Lionel Hampton Jazz Festival Collection

Memorabilia related to the University of Idaho's Jazz Festival, 1969-2021

Contents: About the Collection | An Inauspicious Beginning | The Lionel Hampton Jazz Festival | Tech

About the Collection

This collection consists of posters, programs, photographs, and other materials documenting the history of the Lionel Hampton Jazz Festival. Materials span the years 1969 to 2020, and originate primarily from the Jazz Office records. Also included are a series of oral histories conducted by the 2020 Berry Jazz Fellow, Spencer Manning, with long time festival director Lynn “Doc” Skinner.

An Inauspicious Beginning

The University of Idaho held it’s first jazz festival in 1967 under the direction of Bruce Bray a faculty member in the University of Idaho School of Music. The following year, the festival was taken over by David Seiler and Robert Spevacek who ensured the focus of the festival was on music and jazz education for students. In the early years of the festival, the concerts showcased the University of Idaho’s jazz bands and the top performing high school jazz bands from the region selected during the day’s competition.


By the mid-1970s, the festival had grown from a single day of competitions culminating with a concert into a two day event. It was around this time that the festival, under the direction of Rich Werner and Denny Gold, began bringing nationally recognized jazz artists to hold clinics and perform at their evening concerts. Some early guest performers include: Roy Burns, Bill Tole, Gary Burton, and Lew Tabackin.

In 1978, Lynn “Doc” Skinner took over as director of the festival. As director, Skinner wanted to further expand the educational aspect of the festival to ensure students were able to learn from the jazz festival. By 1980, the festival had grown to include three days of activities, hosting close to 1000 students. Under Skinner’s direction the festival continued to grow and in 1982, he was able to secure one of the world’s most notable jazz vocalists to perform, Ella Fitzgerald. Performing in Memorial Gym, Fitzgerald’s performance brought some attention to the festival.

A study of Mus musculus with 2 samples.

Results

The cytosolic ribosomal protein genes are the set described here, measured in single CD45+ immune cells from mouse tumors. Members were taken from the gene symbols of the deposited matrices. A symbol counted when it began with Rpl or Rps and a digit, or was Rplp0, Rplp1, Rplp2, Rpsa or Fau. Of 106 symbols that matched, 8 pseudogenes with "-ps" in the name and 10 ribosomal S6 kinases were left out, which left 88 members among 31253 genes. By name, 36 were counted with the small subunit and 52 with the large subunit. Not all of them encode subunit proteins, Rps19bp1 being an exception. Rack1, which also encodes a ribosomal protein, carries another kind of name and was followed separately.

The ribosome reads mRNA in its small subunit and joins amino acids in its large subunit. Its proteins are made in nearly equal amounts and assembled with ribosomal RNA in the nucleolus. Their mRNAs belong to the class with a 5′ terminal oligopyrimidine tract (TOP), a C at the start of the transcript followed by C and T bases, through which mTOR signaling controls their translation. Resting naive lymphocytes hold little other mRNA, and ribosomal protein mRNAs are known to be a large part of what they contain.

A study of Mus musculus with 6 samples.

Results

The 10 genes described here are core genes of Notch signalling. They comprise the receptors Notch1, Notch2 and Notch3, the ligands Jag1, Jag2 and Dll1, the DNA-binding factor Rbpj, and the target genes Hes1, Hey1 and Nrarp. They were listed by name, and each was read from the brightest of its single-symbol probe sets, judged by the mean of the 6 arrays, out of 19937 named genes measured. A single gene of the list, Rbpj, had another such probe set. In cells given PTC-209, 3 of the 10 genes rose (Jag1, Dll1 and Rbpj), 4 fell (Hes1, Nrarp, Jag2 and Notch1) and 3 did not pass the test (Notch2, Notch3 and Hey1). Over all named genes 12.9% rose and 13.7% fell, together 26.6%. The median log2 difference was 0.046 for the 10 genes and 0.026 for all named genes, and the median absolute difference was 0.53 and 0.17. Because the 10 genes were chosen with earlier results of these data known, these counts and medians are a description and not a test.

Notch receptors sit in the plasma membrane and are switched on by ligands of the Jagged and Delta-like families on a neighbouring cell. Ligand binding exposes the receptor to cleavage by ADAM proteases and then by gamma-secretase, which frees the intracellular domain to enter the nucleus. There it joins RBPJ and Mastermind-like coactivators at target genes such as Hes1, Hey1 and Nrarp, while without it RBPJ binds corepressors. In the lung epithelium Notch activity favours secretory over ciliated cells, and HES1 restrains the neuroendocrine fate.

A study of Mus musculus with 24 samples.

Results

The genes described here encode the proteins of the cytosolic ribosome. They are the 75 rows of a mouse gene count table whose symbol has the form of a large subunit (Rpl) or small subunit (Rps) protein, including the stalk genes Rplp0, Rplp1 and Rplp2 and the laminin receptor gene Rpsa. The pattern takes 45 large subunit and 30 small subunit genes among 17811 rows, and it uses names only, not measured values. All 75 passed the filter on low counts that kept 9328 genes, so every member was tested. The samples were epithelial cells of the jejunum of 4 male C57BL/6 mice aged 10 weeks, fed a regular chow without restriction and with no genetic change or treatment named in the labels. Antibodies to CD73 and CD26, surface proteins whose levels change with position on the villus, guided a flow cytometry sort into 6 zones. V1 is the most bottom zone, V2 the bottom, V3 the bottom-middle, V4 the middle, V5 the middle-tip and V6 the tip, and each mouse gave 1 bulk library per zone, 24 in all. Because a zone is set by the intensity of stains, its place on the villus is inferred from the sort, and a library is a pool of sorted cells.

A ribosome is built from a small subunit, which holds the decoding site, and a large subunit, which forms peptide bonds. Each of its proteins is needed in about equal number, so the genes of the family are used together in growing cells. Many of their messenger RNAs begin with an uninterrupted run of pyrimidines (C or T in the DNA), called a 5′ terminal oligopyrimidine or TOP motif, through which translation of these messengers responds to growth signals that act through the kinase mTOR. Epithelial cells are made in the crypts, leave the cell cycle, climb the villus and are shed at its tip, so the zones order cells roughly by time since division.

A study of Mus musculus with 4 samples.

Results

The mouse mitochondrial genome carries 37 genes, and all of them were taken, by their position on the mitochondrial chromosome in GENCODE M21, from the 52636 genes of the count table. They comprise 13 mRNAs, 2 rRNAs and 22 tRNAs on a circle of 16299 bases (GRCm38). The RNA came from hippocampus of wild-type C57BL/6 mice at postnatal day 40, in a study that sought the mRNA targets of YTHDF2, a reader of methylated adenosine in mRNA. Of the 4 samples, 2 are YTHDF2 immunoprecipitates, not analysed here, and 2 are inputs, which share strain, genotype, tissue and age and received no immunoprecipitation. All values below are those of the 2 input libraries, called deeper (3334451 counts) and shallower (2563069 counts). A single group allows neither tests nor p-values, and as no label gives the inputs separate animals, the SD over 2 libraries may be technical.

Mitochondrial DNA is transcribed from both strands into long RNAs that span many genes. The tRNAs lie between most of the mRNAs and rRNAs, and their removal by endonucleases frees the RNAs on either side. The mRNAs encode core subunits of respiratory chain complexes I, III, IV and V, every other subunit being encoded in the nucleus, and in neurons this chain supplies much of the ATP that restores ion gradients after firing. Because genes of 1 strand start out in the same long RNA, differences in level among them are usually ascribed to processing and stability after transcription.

The Lionel Hampton Jazz Festival

Lionel Hampton first performed at the University of Idaho Jazz Festival in 1984. After seeing the festival’s dedication to educating students, Hampton and the University began a long lasting relationship. This relationship saw the jazz festival and School of Music named after Hampton. Hampton would also go on to receive an honorary doctorate from the university in 1988. With the influence of Hampton behind it, the festival continued to grow and feature world class jazz musicians.

In 1995, Lionel Hampton wished to see the educational aspect of the festival expand into K-12 schools in the region. Thus began the Jazz in Schools program. This program was initially tied directly to the jazz festival. Visiting guest artists would travel to nearby schools to teach students about jazz. Every year during the Jazz in Schools program Hampton would travel to Lapwai, Idaho to teach students about jazz. Today the program continues, but takes place throughout the year and not just during the jazz festival.

At it’s peak the festival was a four day event featuring music, dance, and jazz history clinics; student competitions; and, evening concerts featuring festival competition winners and guest artists. In 2007, the Lionel Hampton Jazz Festival and the University of Idaho were an honored recipient of the National Medal of the Arts, making it the first jazz festival (and university) to receive the highest honor for the arts in the country.

Technical Credits - CollectionBuilder

This digital collection is built with CollectionBuilder, an open source framework for creating digital collection and exhibit websites that is developed by faculty librarians at the University of Idaho Library following the Lib-Static methodology.

Using the CollectionBuilder-CSV template and the static website generator Jekyll, this project creates an engaging interface to explore driven by metadata.